Our Lady of Alice Bhatti may be Mohammed Hanif’s latest novel, but A Case of Exploding Mangoes is still what gets him all the attention. On the first day of the third annual Karachi Literature Festival on Saturday, “the rockstar of Pakistani literature” as moderator Bina Shah described him, faced a hall packed with fans, hanging on to every word of his witty, self-deprecating humour.
But in the question-and-answer session, a flustered woman flatly dismissed Alice Bhatti and implored him to go back to the style of his first book. “I think A Case of Exploding Mangoes was so close to the truth,” she cried. “My copy is in tatters now because ten of my friends borrowed it. No one wanted to borrow Alice Bhatti!”
So, despite the reading from Alice Bhatti’s Chapter 10, which included, of course, that famous line – “Love, he concludes, is a runaway charya,” the conversation inevitably veered to Hanif’s first book, and the delicious possibility of him facing death threats and being hunted down by bloodthirsty ISI goons. “Stop giving people ideas. Mein ne aap ka kya bigara hai,” he begged one avid questioner, imploring that he didn’t deserve this as he had never harmed them.
There is one anecdote that Hanif is particularly fond of narrating. After the publication of A Case of Exploding Mangoes, the emphatically fictional novel that details an imaginary General Zia’s death, he says he was approached by a director of the ISI, Pakistan’s fearsome spy agency. “My son you’ve written a brilliant book,” he said. “Now tell me, who told you all of this.”
Hanif felt, at that point, incredulity but also a healthy amount of alarm, at the powers running the affairs of state. He also recalls the times that General Zia’s son messaged him, saying: “Mein dekhta meray walid zinda hotay tou tum kaisay likhtay.” We would have seen how you would have managed to get that book out had my father been alive.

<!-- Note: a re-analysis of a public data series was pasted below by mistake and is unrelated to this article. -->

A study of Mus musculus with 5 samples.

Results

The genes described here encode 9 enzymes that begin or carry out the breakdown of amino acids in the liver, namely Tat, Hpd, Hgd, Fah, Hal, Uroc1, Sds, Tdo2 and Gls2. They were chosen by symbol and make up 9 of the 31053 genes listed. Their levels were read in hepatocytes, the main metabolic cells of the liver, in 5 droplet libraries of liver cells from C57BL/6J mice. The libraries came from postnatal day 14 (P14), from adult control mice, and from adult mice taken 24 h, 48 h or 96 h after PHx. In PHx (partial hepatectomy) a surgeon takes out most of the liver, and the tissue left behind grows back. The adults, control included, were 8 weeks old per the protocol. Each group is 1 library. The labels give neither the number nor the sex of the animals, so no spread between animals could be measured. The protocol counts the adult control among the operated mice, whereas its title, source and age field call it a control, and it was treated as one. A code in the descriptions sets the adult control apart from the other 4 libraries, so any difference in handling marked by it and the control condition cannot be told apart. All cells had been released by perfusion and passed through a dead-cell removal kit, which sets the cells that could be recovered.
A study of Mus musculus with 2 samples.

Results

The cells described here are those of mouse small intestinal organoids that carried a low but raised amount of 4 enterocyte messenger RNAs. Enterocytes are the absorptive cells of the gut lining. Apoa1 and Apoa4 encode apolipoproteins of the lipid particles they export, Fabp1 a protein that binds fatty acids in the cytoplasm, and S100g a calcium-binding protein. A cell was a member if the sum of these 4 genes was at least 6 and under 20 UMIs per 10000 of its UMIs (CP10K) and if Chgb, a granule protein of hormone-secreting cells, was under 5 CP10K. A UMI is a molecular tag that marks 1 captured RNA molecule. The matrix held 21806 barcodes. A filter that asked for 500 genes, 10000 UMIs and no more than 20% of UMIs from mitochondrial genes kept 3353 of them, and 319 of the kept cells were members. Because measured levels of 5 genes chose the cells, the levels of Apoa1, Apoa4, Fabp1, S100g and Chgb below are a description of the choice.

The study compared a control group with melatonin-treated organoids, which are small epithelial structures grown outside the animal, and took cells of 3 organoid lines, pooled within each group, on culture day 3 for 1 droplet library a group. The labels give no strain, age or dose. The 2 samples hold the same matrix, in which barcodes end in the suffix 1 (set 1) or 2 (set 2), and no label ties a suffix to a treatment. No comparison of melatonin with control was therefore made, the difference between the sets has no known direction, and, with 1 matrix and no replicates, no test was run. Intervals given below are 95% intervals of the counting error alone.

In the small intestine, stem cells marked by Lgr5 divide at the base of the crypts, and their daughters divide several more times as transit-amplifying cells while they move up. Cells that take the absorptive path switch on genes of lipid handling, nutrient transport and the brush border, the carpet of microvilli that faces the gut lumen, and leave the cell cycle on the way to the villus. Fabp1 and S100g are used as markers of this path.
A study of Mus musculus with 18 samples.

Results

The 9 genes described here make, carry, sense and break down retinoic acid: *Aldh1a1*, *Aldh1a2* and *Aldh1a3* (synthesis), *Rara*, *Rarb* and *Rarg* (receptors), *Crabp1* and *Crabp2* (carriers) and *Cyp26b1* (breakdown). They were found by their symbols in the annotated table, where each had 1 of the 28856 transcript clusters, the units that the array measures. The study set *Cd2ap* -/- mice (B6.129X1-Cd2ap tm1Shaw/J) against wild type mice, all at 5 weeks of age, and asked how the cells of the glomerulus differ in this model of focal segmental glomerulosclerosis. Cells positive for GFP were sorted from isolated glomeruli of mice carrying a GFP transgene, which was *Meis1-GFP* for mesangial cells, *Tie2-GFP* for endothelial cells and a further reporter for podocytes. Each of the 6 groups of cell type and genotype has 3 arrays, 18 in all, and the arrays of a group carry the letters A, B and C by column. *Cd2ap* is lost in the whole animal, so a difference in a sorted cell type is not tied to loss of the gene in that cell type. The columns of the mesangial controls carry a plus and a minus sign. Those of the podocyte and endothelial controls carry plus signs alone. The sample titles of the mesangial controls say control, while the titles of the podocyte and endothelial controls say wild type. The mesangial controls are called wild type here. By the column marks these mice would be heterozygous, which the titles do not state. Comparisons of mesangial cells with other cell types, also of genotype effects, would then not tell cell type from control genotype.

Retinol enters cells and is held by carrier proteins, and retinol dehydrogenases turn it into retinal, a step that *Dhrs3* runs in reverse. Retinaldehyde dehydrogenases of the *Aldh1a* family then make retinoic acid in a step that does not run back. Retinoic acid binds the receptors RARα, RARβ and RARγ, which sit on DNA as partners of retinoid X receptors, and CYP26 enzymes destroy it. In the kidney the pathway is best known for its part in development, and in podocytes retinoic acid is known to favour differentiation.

“Mein nai likhta,” he told the audience, with a shrug. He simply wouldn’t have written it.
Still, even ardent fans sometimes retain the impression that the book is at least partially based on fact. “Did you interview someone from General Zia’s family when writing this book?” asked one not-too-bright reader. “That would be cruel, no? To interview someone’s family to make fun of him?” replied Hanif, who may well feel that the process of fielding questions is as “hopeless, silly, chaotic” as he described the process of writing to be.
One of the best loved Pakistani writers in English (yes, and there are three), Hanif was thoroughly grilled on his inspiration, writing process and research method by the members of the audience. “Some of the best research I’ve done is sit in front of a blank wall for hours,” he said while lamenting distractions in the form of the television, the internet and the refrigerator. “The art of writing a novel is the art of keeping your ass in a chair,” he added ruefully. Hanif has managed to keep his “ass” stuck to a chair for a very long time to produce his two books. For someone who thinks in terms of images and voices, not plots and stories, Hanif describes the process of writing as a solitary and chaotic one: “It is a hopeless process and you have to be hopelessly obsessed about it. If you’re interested in doing something else, you’ll be bored with it. Even if you’re not interested in something else, you’ll be bored with it at times. You’ll read your first draft and think: why should anybody care? Why is it so bad? Why are the characters the way they are.”
One imagines it’s quite all right for the writer to be bored, as long as the readers are not, which indeed seems to be the case with Hanif’s exploding mangoes.
Published in The Express Tribune, February 12th, 2012.